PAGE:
Voting for the Academy Awards
Each November, an election campaign commences that rivals, at least in Hollywood, the passions and sometimes the excesses of the quadrennial race for the nation’s presidency.
It’s the race for the Academy Award nomination.
Because the Academy numbers among its members the most gifted and skilled artists and craftsmen in the motion picture world, its Award stands alone as a symbol of superior achievement.
And because of the Academy’s successful efforts to eliminate splashy gimmicks and gifts, the “race” to be nominated consists principally of attempts by studios, independent distributors and publicists to make sure that each of the nearly 6,000 voting members of the Academy of Motion Picture Arts and Sciences sees their film. It means special screenings for Academy members, free admission to commercial runs of a film, and the mailing of DVDs.
The Academy aggressively monitors Award campaigning and has issued regulations that limit company mailings to those items that actually assist members in their efforts to assess the artistic and technical merits of a film.
The Nominations Process
Nomination ballots are mailed to the Academy’s active members in late December and are due back to PricewaterhouseCoopers, an international accounting firm, in January.
Regular awards are presented for outstanding individual or collective film achievements in up to 25 categories. Members from each of the branches vote to determine the nominees in their respective categories – actors nominate actors, film editors nominated film editors, etc. However within the Animated Feature Film and Foreign Language Film categories, nominations are selected by vote of multi-branch screening committees.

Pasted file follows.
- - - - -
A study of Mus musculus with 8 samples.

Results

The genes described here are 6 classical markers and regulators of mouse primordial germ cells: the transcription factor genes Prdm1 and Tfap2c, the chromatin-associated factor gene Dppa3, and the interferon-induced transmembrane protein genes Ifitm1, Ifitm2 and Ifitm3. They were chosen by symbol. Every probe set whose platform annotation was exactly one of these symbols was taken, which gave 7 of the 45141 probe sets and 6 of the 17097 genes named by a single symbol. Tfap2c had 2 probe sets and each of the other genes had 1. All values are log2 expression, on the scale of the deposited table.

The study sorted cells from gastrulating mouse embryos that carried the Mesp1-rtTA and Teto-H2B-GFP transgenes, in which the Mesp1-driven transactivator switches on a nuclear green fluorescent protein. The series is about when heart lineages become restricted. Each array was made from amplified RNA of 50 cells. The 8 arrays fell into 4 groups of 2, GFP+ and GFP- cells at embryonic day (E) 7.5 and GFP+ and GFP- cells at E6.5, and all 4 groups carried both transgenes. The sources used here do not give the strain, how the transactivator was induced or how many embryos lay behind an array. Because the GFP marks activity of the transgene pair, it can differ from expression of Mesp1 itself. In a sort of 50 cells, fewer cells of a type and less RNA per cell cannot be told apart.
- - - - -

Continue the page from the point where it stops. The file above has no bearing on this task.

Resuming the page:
All voting members are eligible to select the Best Picture nominees.
The results of nomination balloting are announced at a 5:30 a.m. (PT) press conference the third week of January at the Academy’s Samuel Goldwyn Theater in Beverly Hills.
Final Balloting Process
Final ballots are mailed to voting members in late-January and are due back to PricewaterhouseCoopers the Tuesday prior to Oscar Sunday for final tabulation.
The Academy’s entire active membership is eligible to select Oscar winners in all categories, although in five – Animated Short Film, Live Action Short Film, Documentary Feature, Documentary Short Subject, and Foreign Language Film – members can vote only after attesting they have seen all of the nominated films in those categories.
After final ballots are tabulated, only two partners of PricewaterhouseCoopers know the results until the famous envelopes are opened onstage during the Academy Awards presentation.